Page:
Since I traded computers with the kids’ community one so my son could play his games (apparently Plants V Zombies’ user experience on a dual-core AMD with integrated video is not good), I had felt its limitations. We purchased an HD camcorder last year but could not even play the 1080p/60 videos on the machine. For that matter, none of the PCs could do much with the video files. All I could do was export them to the PC and hope the home tech would eventually catch up.
At the end of the year, I accidentally noticed Dell’s refurbished workstation selection. The stock continually changed but the generally had some workstations that would server me well. Google provided me with a couple sites to watch for coupons (here is one). I checked back periodically and eventually a 49% off and free shipping offer materialized. They did not have any of the most powerful Xeons (W3690s rarely surfaced and when they did, were gone in no time) but they did have the next step down, the W3670. This is a six-core Xeon with hyperthreading. The workstation was a cosmetic grade of B but when it showed, it looked brand new. It even came with an Enterprise 10k 250GB drive, which was a pleasant surprise.
The Six-core Xeon was a large step up from the processor I was currently using (an AMD X2 260).
The T3500 was delivered and I popped the case open to investigate. Everything was solidly built and whisper quiet. It did pull quite a bit more electricity from the wall than I was used to but that was fine. It was a 130W processor compared to a 65W. I went into the BIOS and enabled hyperthreading (off by default for some reason), as well as the other SATA ports. I pulled the BD reader from my backup machine, and installed it into the Dell.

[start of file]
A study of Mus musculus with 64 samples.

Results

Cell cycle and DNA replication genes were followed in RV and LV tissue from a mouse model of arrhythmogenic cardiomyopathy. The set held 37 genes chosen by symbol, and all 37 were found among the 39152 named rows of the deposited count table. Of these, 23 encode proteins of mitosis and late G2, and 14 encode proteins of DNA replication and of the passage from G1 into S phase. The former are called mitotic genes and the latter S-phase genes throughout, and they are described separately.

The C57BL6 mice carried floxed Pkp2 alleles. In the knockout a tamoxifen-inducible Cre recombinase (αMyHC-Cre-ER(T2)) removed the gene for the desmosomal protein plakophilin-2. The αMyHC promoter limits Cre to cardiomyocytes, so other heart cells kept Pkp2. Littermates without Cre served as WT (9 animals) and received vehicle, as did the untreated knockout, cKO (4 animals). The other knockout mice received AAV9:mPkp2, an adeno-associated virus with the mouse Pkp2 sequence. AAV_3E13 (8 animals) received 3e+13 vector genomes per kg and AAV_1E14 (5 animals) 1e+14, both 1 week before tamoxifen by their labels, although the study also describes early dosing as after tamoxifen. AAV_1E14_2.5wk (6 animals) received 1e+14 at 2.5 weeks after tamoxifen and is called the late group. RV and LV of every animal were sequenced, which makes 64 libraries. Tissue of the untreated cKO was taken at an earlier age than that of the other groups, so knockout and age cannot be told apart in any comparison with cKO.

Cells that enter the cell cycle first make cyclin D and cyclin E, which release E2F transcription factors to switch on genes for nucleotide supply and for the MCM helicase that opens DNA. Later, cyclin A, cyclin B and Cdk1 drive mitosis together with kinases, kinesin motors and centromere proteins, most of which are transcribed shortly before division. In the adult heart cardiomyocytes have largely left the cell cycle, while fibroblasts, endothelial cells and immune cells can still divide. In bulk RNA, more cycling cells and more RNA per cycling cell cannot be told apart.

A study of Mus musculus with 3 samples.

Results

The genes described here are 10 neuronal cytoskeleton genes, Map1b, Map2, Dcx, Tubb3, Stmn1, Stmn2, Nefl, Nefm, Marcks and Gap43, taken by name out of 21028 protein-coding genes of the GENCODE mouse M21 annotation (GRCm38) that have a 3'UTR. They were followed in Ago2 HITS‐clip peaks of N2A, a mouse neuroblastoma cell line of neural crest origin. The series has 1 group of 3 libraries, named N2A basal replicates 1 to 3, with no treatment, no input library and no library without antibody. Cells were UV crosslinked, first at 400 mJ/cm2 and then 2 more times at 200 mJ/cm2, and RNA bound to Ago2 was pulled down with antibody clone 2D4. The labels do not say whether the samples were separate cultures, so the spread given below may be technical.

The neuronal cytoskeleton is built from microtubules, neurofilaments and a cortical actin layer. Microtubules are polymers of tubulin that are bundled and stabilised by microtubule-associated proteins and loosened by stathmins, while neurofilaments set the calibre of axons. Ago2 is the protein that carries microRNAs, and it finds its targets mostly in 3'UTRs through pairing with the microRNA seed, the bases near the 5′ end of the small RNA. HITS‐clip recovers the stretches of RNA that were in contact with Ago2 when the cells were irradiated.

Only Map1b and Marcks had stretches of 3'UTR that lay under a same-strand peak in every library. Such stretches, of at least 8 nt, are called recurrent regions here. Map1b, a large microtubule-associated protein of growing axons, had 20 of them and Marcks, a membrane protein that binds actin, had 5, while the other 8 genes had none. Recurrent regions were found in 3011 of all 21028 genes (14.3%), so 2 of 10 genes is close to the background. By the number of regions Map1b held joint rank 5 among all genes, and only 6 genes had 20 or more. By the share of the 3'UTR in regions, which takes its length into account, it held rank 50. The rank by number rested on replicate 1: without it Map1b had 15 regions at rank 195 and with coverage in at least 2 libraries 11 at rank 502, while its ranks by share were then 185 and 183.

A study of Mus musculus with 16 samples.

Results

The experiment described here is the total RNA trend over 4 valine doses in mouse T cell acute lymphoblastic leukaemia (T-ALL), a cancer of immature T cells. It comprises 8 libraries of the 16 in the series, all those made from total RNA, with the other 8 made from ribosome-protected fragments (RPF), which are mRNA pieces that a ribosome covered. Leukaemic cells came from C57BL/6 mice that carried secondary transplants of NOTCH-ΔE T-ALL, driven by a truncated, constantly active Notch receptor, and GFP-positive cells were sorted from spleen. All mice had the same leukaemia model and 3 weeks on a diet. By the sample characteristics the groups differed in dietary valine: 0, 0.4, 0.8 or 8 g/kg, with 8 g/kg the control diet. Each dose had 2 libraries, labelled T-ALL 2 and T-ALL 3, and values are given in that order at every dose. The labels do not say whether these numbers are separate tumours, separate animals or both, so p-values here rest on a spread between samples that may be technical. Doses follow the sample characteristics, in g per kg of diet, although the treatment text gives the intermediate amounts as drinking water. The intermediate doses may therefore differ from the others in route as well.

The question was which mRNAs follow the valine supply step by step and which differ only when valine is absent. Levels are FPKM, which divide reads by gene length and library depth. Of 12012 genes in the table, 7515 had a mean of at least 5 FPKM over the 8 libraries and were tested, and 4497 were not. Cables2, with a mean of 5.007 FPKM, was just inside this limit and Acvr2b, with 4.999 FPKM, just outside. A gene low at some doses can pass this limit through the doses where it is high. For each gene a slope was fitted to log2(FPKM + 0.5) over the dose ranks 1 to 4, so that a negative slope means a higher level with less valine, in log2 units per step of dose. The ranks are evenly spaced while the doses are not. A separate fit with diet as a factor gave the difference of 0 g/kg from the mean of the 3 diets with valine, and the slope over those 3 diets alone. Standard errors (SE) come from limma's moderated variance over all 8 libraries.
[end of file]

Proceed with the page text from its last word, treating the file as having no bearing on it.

I initially set it up on a kvm switch so I could use both machines. The short-term plan was to continue using the dual for my normal work, and just switch to the hexa when I needed the additional horsepower. The 1080p/60 video files opened and ran flawlessly. Bluray files encoded much, much faster with the Xeon as well (almost five times faster). Everything was very peppy.
It did not take too long to realize there was no point in running both machines. I installed the necessary apps onto the T3500. The dual-core machine had a SSD boot, with three additional spinners. The Dell could handle two; three if you were creative. So I plotted out a strategy to move everything I needed to the largest drive in the system, a 2TB Samsung Ecogreen F4, and proceeded to carry out the plan over the course of a week (in my usual fifteen minute chunks). Once that was accomplished, I forced Veeam Endpoint to make an updated incremental, created a recover ISO on the network (I already had the CD recovery created), and powered down the machine. It took but a couple minutes to install the F4 into the T3500. Powered it up and ensured everything was working fine. I pulled the remaining drives (one was the Samsung 850 Pro SSD boot drive) and then placed the gutted machine on my server rack (which is just the top shelf of one of these).
I knew something would come up where I would need to have something off the decomissioned machine. So I created a Win7 virtual machine shell on my Esxi box, booted to the recently created Veeam recovery ISO, and proceeded to restore the boot drive into the vm shell. Worked perfectly. And I was right. A couple .ini files ended up being needed and it was easy enough to find and grab them.
I used the T3500 for two months with the 10k boot drive. It was a nice drive but sitting on the shelf on my desk was the 128GB Samsung SSD. That just seemed wrong to me to not have that being used. I grabbed the Veeam recovery disk for the T3500 (which had been getting backed up nightly), powered down the machine, swapped the SSD in for the 10k drive, then restarted using the CD. About twenty minutes later the most recent backup had been restored to the Samsung. A reboot later, I was good to go. The 10k was labeled, and got placed on a shelf, just in case.
Everything has been running quite well on it. I have Plex server running on it for all our household devices, while the backup server continues to serve remote devices. Handbrake runs fantastic on it utilizing all twelve threads, and creating and generating home videos with MS Movie Maker is very fast. All in all, I am quite pleased with the ‘new’ addition.